Naruto is making me cry with each chapter it releases. The rebloggables are suddenly through the charts on my tumblr dashboard. Open Facebook or Twitter on a Jump release date, and there are people there to commiserate with. It’s the ending we always dreamed of, quietly gripping our rubber prop kunai, gleefully purchased as preteens at our first anime conventions.
General spoilers for the manga; but very little in the way of specifics.  

The Naruto fanbase has always been a funny one, at once responsible for the latest and greatest push for anime and manga in the west, yet cringing at that which it has unleashed. It’s hard not to raise an eyebrow at the young girl, wearing the Konoha headband Sakura-style in her hair at the mall, awkward gaggle of mal-adjusted nerd friends and punks surrounding her. It’s hard not to sigh when someone cites Deidara as the greatest character ever to grace the screens of anime. It’s hard not to shake your head when someone tells you that surely Naruto is the best anime ever made. Even harder still, grappling with that oft-said phrase from a non-fan when you tell them about how your’e 25 and spend large chunks of time watching cartoons for Japanese schoolkids: “Oh… you mean like that Naruto stuff?” It’s hard to be a Naruto fan and still save a bit of face out there in the world, because the series is now so big that it becomes the target of all anime fandom’s ire, the quintessence of everything that’s wrong with the western fan community, with liking anime in general, and with admitting your adoration of the series in public. Which is why most people, when questioned openly about it for years have said they aren’t.
But Naruto’s swansong is hard to deny in my heart of hearts. Kishimoto is hitting all the right notes. An all-out war against a common foe! All your favorite ninjas and more! Reuniting with friends old and new via the convenient plot device that is the Edo Tensei jutsu – tearful reunions (or, for some, introductions) abound! At the risk of sounding like an informercial, there’s really something for everyone to love in this latest arc of the manga. Not to forget the emotional, divisive return of the prodigal son.
But more so than plot events, Naruto’s storytelling in this arc returns to what I fell in love with the manga for. A certain cheekiness missing from the more recent arcs has found its way into the Shinobi War, a sense of slapstick missing while Kishimoto painted the sad history of the villages and the tailed beasts. I missed those goofy faces. It’s an unfortunate situation that many long-running shounen manga fall prey to: either you keep a lighthearted tone, often sacrificing character depth (i.e, Gintama) or you continually up the emotional and physical stakes for your characters, which makes it difficult to incorporate humour without breaking the tone of the story (i.e, Bleach). For the first time in a while, I find myself laughing at Naruto, and that feels good.
If Naruto is anything, it’s a spiral, just like Naruto’s family name. It doesn’t take a genius to realize that Naruto’s arcs all circle back onto the same things; indeed, are at times near mirrors of each other. From Naruto and Sasuke, whose rivalry was an echo of Jiraya and Orochimaru’s, continuing back to a time before the villages with Madara and Harashima, the message is clear: rivalry only begets more rivalry, death only more death. Time and time again, characters and rivals and opposing sides of a war try to overcome their circumstances, their biases, and their judgement to reach uneasy peace, failing time and time again. And so happy boys become loners become vengeful outcasts. And, looking at the story in that light, isn’t it better that no one lives (or dies) at all, that no one have the power to fight if all it causes is death?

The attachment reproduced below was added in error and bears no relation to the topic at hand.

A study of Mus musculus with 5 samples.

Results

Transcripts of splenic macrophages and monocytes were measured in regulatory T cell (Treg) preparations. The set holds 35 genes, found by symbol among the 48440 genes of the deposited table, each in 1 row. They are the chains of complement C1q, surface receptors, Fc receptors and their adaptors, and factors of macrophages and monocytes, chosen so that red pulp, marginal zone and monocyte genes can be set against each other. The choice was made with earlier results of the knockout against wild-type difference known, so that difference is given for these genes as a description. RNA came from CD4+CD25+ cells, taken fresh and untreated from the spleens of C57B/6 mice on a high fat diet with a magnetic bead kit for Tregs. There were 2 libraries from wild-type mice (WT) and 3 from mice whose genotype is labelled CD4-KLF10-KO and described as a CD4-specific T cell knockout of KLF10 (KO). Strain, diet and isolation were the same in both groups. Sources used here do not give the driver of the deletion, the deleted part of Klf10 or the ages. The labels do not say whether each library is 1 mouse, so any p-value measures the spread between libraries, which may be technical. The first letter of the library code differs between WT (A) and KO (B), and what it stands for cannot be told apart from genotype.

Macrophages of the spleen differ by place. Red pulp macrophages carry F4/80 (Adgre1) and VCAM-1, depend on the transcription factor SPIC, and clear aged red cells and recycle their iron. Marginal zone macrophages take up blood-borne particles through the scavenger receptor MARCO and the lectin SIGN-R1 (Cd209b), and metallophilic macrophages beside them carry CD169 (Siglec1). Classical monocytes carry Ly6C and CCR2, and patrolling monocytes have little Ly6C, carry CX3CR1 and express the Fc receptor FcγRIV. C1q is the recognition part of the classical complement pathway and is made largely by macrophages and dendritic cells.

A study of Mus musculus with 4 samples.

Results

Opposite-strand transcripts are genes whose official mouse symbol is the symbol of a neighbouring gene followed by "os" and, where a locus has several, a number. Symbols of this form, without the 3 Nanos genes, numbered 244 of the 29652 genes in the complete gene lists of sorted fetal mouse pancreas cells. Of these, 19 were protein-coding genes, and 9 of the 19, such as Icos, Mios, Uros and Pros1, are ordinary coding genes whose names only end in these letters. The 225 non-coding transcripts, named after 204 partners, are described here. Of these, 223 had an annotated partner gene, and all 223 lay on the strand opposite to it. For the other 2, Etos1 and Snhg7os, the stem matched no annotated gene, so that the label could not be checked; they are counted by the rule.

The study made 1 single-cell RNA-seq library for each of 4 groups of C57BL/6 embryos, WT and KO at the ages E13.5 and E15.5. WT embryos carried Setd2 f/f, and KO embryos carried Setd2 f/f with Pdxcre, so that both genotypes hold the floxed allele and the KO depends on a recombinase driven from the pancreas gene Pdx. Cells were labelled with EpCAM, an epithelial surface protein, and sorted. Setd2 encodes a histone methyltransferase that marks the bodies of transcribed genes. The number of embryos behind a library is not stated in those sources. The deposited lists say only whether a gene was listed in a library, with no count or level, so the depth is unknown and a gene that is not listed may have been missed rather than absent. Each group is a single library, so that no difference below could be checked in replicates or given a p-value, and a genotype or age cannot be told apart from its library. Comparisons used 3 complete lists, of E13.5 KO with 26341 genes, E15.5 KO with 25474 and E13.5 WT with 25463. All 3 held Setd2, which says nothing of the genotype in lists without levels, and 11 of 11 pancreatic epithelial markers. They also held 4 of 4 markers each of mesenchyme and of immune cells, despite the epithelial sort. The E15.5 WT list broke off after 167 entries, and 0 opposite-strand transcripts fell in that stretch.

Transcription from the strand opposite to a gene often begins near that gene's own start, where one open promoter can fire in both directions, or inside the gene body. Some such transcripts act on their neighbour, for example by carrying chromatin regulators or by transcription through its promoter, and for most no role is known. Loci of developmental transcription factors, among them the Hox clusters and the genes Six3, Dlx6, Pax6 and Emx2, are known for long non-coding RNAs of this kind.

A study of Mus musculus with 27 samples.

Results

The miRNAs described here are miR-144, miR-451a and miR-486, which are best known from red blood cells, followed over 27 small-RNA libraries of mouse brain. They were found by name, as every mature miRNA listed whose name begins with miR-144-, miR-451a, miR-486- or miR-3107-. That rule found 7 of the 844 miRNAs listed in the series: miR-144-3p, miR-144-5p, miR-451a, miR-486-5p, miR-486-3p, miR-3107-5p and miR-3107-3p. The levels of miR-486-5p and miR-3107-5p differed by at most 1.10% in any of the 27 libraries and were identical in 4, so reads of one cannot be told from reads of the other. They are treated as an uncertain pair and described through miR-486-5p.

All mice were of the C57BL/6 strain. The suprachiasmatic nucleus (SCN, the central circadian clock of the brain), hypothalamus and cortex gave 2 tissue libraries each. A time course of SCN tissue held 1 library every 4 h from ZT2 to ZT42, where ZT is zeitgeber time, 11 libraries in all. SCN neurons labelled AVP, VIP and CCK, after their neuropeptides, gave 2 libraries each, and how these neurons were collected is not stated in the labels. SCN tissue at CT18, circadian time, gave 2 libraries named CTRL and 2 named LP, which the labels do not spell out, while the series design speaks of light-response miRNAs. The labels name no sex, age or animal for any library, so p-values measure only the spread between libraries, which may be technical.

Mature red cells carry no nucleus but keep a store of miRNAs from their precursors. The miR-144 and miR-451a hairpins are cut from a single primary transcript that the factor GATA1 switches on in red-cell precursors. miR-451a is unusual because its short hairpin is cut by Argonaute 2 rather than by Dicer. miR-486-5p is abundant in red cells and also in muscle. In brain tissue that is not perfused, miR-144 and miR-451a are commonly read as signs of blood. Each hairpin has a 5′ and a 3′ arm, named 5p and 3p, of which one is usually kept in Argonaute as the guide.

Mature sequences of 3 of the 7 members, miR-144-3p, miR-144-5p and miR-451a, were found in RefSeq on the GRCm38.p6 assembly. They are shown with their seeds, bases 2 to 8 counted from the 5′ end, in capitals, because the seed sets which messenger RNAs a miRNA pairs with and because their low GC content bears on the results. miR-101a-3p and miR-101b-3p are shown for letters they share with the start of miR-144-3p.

As if you had to be told, but Naruto – both the manga and its namesake character – would never be so nihilistic.  “I should have called out to him”, Naruto thinks to himself, as if he hadn’t called out to Sasuke a hundred times since, chasing him halfway around the world, again and again, as if he didn’t continue to believe in Sasuke when everyone else had given up on him. We began Naruto with a tale about friendship and acceptance, and that’s we’ll end it, because in Naruto no one who walks away isn’t welcome back, and not even the demon fox is beyond forgiving.

3 replies on “All ends with beginnings; Naruto's swansong”

One thing I’ll always admire about Masashi Kishimoto is that he’s handled Naruto’s transition to leader with such responsibility and care, in fact, all of Naruto’s school-mates have matured in ways that are logical and heartening. Old friends is an apt way to describe them, really. I hope it all turns out for the best. If there’s one series that’s symbolic of my entry into this fandom, it’s Naruto.

Thanks for this post. I especially like the depiction of current western Naruto fandom. Though I consider myself neither a true anime aficionado nor a ‘narutard’, your writing evokes plenty of familiarity…
Of course, it’s also nice to hear about the essence of Naruto without delving into technical details of who beats who. It’s the reason I am looking forward to Naruto’s culmination – the essence that you talked about, that is. About 50% of every chapter flies way over the top of my head – the other 50% is heart warming and makes me want to try my best in life, too.